In fact the concern is not just that a stopped process wouldn’t have a chance to be woken up, it is also of being notified that it has been orphaned.
Your extract of APUE says:
and does the child know that it has been orphaned?
It wouldn’t know that it has been orphaned if it only received a SIGCONT.
In practical substance, sending the child also SIGHUP is precisely the chosen way to notify it of that event.
Besides, this is consistent with what some shells (Bash for instance) do with their children when the shell itself receives a SIGHUP due to a disconnection event: they propagate such event also to their stopped children through a HUP+CONT, if you are familiar with this particular case. Else, as a reference for this just see Bash’s man-page, precisely at the SIGNALS section.
This behavior by kernels in practice extends such shells’s particular behavior to any case of orphaned process groups.
To elaborate my answer further, I would start by telling you that historically it used to be just a SIGKILL, instead of SIGHUP+SIGCONT.
At some point this has been considered too harsh an approach. By doing that way, in fact, processes would not even have any chance to at least “die gracefully”, i.e. finish what they were doing, release resources, etc.
Therefore that SIGKILL has been changed to the current and more graceful approach of the HUP+CONT, so that not only processes have their chance to clean up after themselves, but they may also choose to continue running if they so wish.
I’m not a POSIX specifications expert, but note for instance the following rationale excerpt from the specification of the _exit() system-call:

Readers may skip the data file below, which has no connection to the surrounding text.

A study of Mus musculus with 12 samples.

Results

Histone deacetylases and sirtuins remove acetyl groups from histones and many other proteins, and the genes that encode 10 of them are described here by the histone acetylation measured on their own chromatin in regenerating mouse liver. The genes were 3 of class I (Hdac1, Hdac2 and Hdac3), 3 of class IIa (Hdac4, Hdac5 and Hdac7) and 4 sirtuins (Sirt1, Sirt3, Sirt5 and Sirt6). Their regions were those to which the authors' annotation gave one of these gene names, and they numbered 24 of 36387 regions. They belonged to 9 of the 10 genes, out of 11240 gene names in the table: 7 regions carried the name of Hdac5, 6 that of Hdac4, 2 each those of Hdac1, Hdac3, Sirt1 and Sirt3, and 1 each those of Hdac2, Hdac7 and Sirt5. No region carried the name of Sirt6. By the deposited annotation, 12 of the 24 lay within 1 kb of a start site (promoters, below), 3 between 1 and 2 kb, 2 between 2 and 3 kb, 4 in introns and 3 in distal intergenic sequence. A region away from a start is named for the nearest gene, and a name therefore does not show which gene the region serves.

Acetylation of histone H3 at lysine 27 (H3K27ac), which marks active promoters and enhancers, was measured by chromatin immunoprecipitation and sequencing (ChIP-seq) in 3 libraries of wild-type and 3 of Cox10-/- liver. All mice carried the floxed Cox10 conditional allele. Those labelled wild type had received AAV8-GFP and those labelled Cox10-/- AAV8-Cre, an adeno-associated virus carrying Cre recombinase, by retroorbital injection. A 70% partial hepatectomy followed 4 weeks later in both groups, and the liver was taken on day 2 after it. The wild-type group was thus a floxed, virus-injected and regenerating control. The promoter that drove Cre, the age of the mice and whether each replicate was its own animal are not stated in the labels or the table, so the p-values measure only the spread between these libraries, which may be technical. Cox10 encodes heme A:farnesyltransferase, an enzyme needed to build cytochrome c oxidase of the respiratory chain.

[...], if the termination of a process causes a process group to become orphaned, [...]. Stopped processes within the group would languish forever. In order to avoid this problem, newly orphaned process groups that contain stopped processes are sent a SIGHUP signal and a SIGCONT signal to indicate that they have been disconnected from their session. The SIGHUP signal causes the process group members to terminate unless they are catching or ignoring SIGHUP.
Maybe not an explicit statement, but I think quite close enough to one.
Then, note also that the use of process groups is not limited to job-control put in place by shell applications only. You can have processes having their own session, such as the typical “daemon” process, with no controlling terminal, no controlling shell, and yet spawning several children itself, grouping them in process groups, that can be handled (i.e. signaled) using their process-group-IDs.
In fact, although the “shell’s job-control” specific use case of process groups is the most widely known one, very often referred to as the excellent example even by specifications themselves, the actual POSIX’s definition for “process group” is:
3.296 Process Group
A collection of processes that permits the signaling of related processes. Each process in the system is a member of a process group that is identified by a process group ID. A newly created process joins the process group of its creator.
A generic collection of processes.
While the definition for “job control” is:
3.203 Job Control
A facility that allows users selectively to stop (suspend) the execution of processes and continue (resume) their execution at a later point. The user typically employs this facility via the interactive interface jointly supplied by the terminal I/O driver and a command interpreter.
Job control is a concept related to interactive shells.
Process grouping is a wider concept.